We may have made great strides in science and technology, send space missions to Mars and Moon, but when it comes to something as basic as respecting women, the world has got it so, SO wrong.
Since time immemorial, there are countless instances of violence against women.
Beaten, burned, raped, mutilated, murdered over love, hate, honour, greed, entitlement -- woman of no age, class or caste is safe from brutality.
Hindi cinema has not just explored various instances of brute force, but often glorified its misogyny.
Taapsee Pannu crusades against such a mindset in Anubhav Sinha's Thappad.
Sukanya Verma looks at some of its most unsettling depictions in Hindi cinema.
Jag Mundra's adaptation of Kiranjit Ahluwalia's autobiography, Circle of Light stars Aishwarya Rai Bachchan as a married woman at the receiving end of her alcoholic husband's domestic abuse. After years of enduring torture, she sets him on fire.
Videsh: Heaven on Earth
In Deepa Mehta's Videsh, internationally released as Heaven on Earth, Preity Zinta portrays the horror of a newly married Indian girl in Canada discovering her husband is a ruthless wife-beater.
Deepika Padukone's poignant delivery in Meghana Gulzar's Chhapaak inspired by acid attack survivor Laxmi Aggarwal's real-life story documents one of the major hate crimes committed against women in ways that stun and shatter.
Polarised though the reactions may be about one of the most revolting characters to appear on screen, nothing is more distressing than watching Shahid Kapoor hit Kiara Advani and its director Sandeep Vanga Reddy justifying it with 'if you don't have the liberty of slapping each other, then I don't see anything there.'
Shah Rukh Khan's incessant stalking of Madhuri Dixit in Rahul Rawail's Anjaam takes a vicious turn as he single-handedly destroys her happiness and incriminates her for a murder she didn't commit.
Dixit's gory experiences in prison and blood-soaked revenge against SRK are an exercise in excessive.
Anushka Sharma discovers an alarming degree of misogyny and the reality of honour killing in the chilling events of NH10.
The extent of violence she experiences first hand in this murky thriller is one thing neither she nor the viewer can ever forget.
7 Khoon Maaf
Priyanka Chopra has a rotten luck in marriage as Vishal Bhardwaj's adaptation of Ruskin Bond's Susanna's Seven Husbands.
They are all freaks of nature, but Irrfan's brutish behaviour and masochistic tendencies towards PeeCee in their segment evoke all kinds of terror.
Scenes of domestic violence play out before children as they witness their mother's regular abuse at the hands of a brutish, bad-tempered father in Secret Superstar, compelling their first born to do something about it.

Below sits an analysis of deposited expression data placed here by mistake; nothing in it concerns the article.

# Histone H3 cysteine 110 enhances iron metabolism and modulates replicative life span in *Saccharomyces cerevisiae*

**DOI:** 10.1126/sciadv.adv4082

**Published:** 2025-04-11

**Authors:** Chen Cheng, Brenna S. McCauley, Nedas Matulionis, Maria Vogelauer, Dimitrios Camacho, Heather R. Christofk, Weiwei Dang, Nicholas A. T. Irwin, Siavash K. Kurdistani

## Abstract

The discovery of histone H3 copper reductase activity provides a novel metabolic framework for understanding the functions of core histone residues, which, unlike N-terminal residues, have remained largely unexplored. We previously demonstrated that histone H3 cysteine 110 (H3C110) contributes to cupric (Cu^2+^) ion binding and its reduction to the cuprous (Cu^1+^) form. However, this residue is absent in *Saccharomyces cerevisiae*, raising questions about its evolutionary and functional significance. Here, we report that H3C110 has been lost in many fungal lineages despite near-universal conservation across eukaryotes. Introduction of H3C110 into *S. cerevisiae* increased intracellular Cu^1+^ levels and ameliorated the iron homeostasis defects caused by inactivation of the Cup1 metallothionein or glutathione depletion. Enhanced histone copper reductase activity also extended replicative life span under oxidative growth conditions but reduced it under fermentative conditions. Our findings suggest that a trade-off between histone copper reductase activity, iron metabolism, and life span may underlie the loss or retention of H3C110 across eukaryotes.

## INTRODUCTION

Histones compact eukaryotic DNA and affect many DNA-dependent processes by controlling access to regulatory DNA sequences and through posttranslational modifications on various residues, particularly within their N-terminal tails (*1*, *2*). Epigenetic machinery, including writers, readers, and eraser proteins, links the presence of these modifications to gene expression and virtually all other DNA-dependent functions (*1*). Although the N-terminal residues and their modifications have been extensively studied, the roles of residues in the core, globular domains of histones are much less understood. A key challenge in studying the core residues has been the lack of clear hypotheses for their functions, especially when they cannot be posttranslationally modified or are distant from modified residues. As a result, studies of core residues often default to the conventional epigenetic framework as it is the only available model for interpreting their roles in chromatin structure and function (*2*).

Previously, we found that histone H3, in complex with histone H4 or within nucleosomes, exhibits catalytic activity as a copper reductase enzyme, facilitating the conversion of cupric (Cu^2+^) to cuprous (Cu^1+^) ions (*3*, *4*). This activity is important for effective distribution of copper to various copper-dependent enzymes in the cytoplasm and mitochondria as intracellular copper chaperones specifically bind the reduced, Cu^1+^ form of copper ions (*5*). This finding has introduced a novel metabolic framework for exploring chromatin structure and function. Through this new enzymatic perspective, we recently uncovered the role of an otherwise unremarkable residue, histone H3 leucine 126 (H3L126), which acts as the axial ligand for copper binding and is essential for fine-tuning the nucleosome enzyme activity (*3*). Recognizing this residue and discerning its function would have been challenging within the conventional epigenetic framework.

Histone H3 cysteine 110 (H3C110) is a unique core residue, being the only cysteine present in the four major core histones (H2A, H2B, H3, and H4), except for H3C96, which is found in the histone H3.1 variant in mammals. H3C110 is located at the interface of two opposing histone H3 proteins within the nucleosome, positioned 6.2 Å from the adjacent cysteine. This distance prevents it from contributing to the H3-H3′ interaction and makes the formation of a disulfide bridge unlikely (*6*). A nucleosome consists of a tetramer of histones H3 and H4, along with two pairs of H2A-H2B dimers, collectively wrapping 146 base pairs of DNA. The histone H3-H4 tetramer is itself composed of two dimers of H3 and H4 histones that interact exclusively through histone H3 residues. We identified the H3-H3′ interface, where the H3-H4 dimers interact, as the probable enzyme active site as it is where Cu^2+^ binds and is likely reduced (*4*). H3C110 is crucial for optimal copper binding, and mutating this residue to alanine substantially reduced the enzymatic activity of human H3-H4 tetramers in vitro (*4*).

Seema Biswas's National Award-winning performance as Phoolan Devi was subject to much controversy owing to Director Shekhar Kapur's graphic portrayal of her gang rape and naked parade.
Raj Kapoor's Awara may be a fine film, but for that ghastly scene where the actor-film-maker persistently smacks Nargis across the face under the pretext of all-consuming chemistry.
Her submissive response, 'Maarna chahte ho, lo maar lo' is equally disturbing.
Shakti: The Power
Roughed up in public view by her dead husband's ferocious father Nana Patekar, Karisma Kapoor is on the run to get out of what is clearly no country for any woman.
Misogyny in rural Bihar is the focus of Prakash Jha's Mrityudand where women are regularly mistreated by their chauvinistic spouses.
Until Madhuri Dixit's character raises her voice to make clear: 'Tum mere pati ho. Parmeshwar banne ki koshish mat karo.'
Raveena Tandon broke out of the Mast Mast rut and went on to win a National Award for her grim performance as a victim of domestic violence and marital rape in Kalpana Lajmi's high-strung drama.
Considered one the more successful remakes of Hollywood's Sleeping with the Enemy, Agni Sakshi features Manisha Koirala as a woman faking her own death and starting life afresh to escape her lunatic first husband Nana Patekar's mental torture and physical abuse.
Matrubhoomi-A Nation Without Women
Manish Jha tackles the topic of female infanticide most provocatively wherein a woman in a village is married to five brothers and raped regularly to drive in the message of skewed sex ratio.
Not for the faint of heart, this.
In N Chandra's fiery Pratighaat, Sujata Mehta plays a college professor stripped naked in public by a local goon for standing against him.
In a gruesome finale, she retaliates by chopping off his head with an axe.
It's not just the horror husbands or random sickos, women need to shield themselves from.
In N Chandra's Tezaab, Anupam Kher plays an alcoholic beast who not only torments his wife to the point she commits suicide but also treats his college-going daughter shabbily.
Sometimes even flogging her with a whip.
Shabana Azmi's character faces a fate worse than an animal's in Shyam Benegal's hard-hitting Nishant.
A school teacher's wife is abducted from her home by the village landlord, raped by the family men and held captive against her wishes indefinitely.